Solar firms to sue UK government over subsidy cuts once again.

Business Green: “Four of the UK’s leading solar companies are to sue the government over proposals to halt subsidies for large solar farms from early next year, sparking the third legal battle over solar policy in three years.”
“Solarcentury, Lark Energy, TGC Renewables, and Orta Solar Farms will tomorrow formally request a judicial review over the government’s consultation on the proposed closure of the Renewable Obligation (RO) subsidy regime to solar farms larger than 5MW from 1 April next year – two years earlier than planned.
Analysts have predicted the move could affect more than 200 solar farms,  while the government’s own impact assessment shows the changes could cut solar PV deployment under the RO from 4.5GW to 3.2GW in 2015/16.
The government has consistently argued the early change to the scheme are needed in order to prevent large solar farms eating up too much of the £7.6bn Levy Control Framework (LCF) budget that has been earmarked to support a wide range of clean energy technologies through to 2021.
It also maintains that solar farm developers will still be able to secure support from the new Contract for Difference (CfD) subsidy regime, which will launch later this year, although they will have to compete with rival developers for support through the scheme.
However, the solar companies say the government is scapegoating the solar industry, given that much of the LCF budget has already been allocated to eight offshore wind and biomass schemes under the Final Investment Decision (FID) enabling regime.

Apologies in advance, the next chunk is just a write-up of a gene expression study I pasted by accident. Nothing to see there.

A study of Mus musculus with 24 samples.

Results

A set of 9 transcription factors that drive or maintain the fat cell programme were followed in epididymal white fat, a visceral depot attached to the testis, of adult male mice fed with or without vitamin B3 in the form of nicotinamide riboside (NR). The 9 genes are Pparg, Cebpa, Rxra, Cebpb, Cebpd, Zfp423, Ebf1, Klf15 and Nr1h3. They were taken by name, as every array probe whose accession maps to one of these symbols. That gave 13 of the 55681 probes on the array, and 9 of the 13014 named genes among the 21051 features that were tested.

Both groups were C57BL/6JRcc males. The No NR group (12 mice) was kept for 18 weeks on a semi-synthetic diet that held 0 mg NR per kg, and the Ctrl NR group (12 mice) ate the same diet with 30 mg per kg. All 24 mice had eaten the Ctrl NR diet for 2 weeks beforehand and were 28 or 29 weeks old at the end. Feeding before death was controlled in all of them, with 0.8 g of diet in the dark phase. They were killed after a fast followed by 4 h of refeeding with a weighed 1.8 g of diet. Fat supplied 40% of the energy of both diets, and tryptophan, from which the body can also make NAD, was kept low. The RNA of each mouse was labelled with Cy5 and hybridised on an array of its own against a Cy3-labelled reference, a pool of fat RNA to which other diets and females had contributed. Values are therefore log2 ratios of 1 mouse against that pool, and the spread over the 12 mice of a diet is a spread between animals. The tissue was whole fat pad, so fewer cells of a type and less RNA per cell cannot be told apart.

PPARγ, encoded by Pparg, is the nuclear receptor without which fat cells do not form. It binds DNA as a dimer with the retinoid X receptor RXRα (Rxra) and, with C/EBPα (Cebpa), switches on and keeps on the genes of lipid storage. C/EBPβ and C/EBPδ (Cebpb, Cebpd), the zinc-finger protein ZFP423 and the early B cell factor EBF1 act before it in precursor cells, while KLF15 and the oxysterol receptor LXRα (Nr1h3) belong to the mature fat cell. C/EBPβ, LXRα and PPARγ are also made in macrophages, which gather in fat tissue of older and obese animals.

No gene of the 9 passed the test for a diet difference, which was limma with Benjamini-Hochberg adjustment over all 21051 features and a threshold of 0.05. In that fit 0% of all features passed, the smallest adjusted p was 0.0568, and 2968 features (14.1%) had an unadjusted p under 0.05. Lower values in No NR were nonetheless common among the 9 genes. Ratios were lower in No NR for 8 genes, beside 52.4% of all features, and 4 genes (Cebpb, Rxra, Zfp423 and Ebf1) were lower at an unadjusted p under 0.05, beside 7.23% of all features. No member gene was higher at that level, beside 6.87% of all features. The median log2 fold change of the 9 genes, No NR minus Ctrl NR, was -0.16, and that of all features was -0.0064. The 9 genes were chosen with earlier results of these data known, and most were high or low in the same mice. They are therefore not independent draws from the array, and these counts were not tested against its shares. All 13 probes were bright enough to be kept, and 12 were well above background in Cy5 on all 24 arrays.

A report by the National Audit Office in June found that these eight projects have already used up 58 per cent of the LCF and questioned whether the FID scheme is necessary to meet the UK’s renewable energy goals.
In contrast, solar farms have used just five per cent of the Renewables Obligation budget, which itself forms just one component of the LCF, alongside CfDs, the Feed-in Tariff scheme, and the Warm Home Discount.
A spokesman for Prospect Law, the legal firm that is acting on behalf of the solar companies, accused the government of acting unlawfully by trying to close the RO to solar farms two years earlier than originally planned.
“The government put the Renewables Obligation in place to offer solar businesses the certainty they need through legislation, but now it is trying to remove this certainty through the back door,” he said. “This behaviour was found to be unlawful in the case of feed-in tariffs, and it remains unlawful now. It is surprising that DECC has not learnt its lesson.”
Ben Cosh, managing director of TGC Renewables, accused the government of pulling the rug from under the feet of the solar industry. “Solar is tantalisingly close to becoming subsidy free, meaning cheaper bills for consumers, and we want to achieve this goal as quickly as possible,” he said. “All we need from Ed Davey is stable and lawful policy, but instead he has yet again pulled the rug from under the industry’s feet.”
The case is the third legal action launched by the solar industry against government subsidy cuts in just three years.
Last month, the High Court ruled that a number of solar firms are entitled to compensation, after the Supreme Court previously ruled the government’s decision to rush through cuts to the feed-in tariff incentives for solar installations in late 2011 was unlawful.
The ruling meant the government could be forced to pay compensation to solar installers of up to £132m, although DECC is currently appealing against the decision.
Ministers will now be looking to construct a strong defence against the latest action, as they bid to avoid a repeat of the government’s previous two legal defeats at the hands of the solar industry.”